Howard Elkus, FAIA, RIBA, LEED AP, cofounder of the Boston-based architectural firm Elkus Manfredi Architects, died on April 1 in Palm Beach, Fla., 11 days before his 79th birthday. The firm announced his passing on April 3 but did not disclose the cause of death or information about survivors.
“We grieve the loss of Howard as a co-founder of our firm, as a visionary architect, as a mentor, and as a friend. We extend our condolences to his wife, children, and immediate family,” the firm stated.
A graduate of Stanford University (B.S. mechanical engineering) and Harvard University (M.Arch with Distinction), Elkus began his five-decade-long career with the Walter Gropius-founded Architects Collaborative, where Elkus met his future partner David Manfredi. (The Architects Collaborative disbanded in 1995.)
In a statement, Manfredi referred to Elkus as “an extrordinary friend and business partner. He uniquely brought joy to every endeavor, made everyone he met feel special, and lived life fully every day.”
Howard Elkus, who cofounded the Boston firm Elkus Manfredi Architects with David Manfredi in 1988, died on April 1 at the age of 78. Image: Bruce Rogovin
His architectural and interior design work with Elkus Manfredi Architects ranged widely across myriad building typologies. In recent years, the firm has designed headquarters for New Balance, WS Development, and Blue Cross Blue Shield; as well as the Verb Hotel in Boston, and Linq Hotel & Casino (a reimagining of Caesar’s Imperial Palace) and City Hall in Las Vegas.
Other recent major projects Elkus was involved in include Miami Worldcenter, a redevelopment of 27 acres in downtown Miami that will expand the city’s central business district by between 12% and 15%, and create a vibrant walkable pedestrian environment. The first phase build-out includes three residential towers over 1 million sf of podium retail.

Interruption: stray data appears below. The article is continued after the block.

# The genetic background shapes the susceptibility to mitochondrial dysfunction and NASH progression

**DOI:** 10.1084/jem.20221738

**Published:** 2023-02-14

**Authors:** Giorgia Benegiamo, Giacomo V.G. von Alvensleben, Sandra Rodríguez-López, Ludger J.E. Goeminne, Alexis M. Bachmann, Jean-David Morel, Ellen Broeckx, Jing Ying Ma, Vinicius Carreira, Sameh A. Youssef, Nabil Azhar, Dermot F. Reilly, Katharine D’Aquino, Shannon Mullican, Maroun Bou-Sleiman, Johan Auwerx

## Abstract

The firm also designed the podium retail component of the Hudson Yards project in New York that’s currently under construction. Elkus referred to HudsonYards as “the biggest mixed-use project in the United States, and one of the most impressive in the world.”
Elkus was the grandchild of Felix Kahn, one of the Master Builders of the West, and grandnephew of Albert Kahn, the foremost American industrial architect of his day. In a 2004 interview, Elkus told Visual Merchandising and Store Design (VMSD) that his first real design assignment was Copley Place, which in the mid 1980s was Boston’s largest urban mixed-use project.
He revealed during that interview that his inspiration for projects came from “the world out there. Like music, I get it from the simplest notes to a resounding orchestra. Nature does it for me and so, too, does man’s wondrous works, perhaps most of all the heroism of less-fortunate souls.”
Elkus saw Hudson Yards are part of a broader global urbanization, which he viewed as “wildly exciting and the potential is off the charts.” In a 2015 interview with Interior Design magazine, he said the “great question” of that movement continues to be “how do we maximize quality of life?”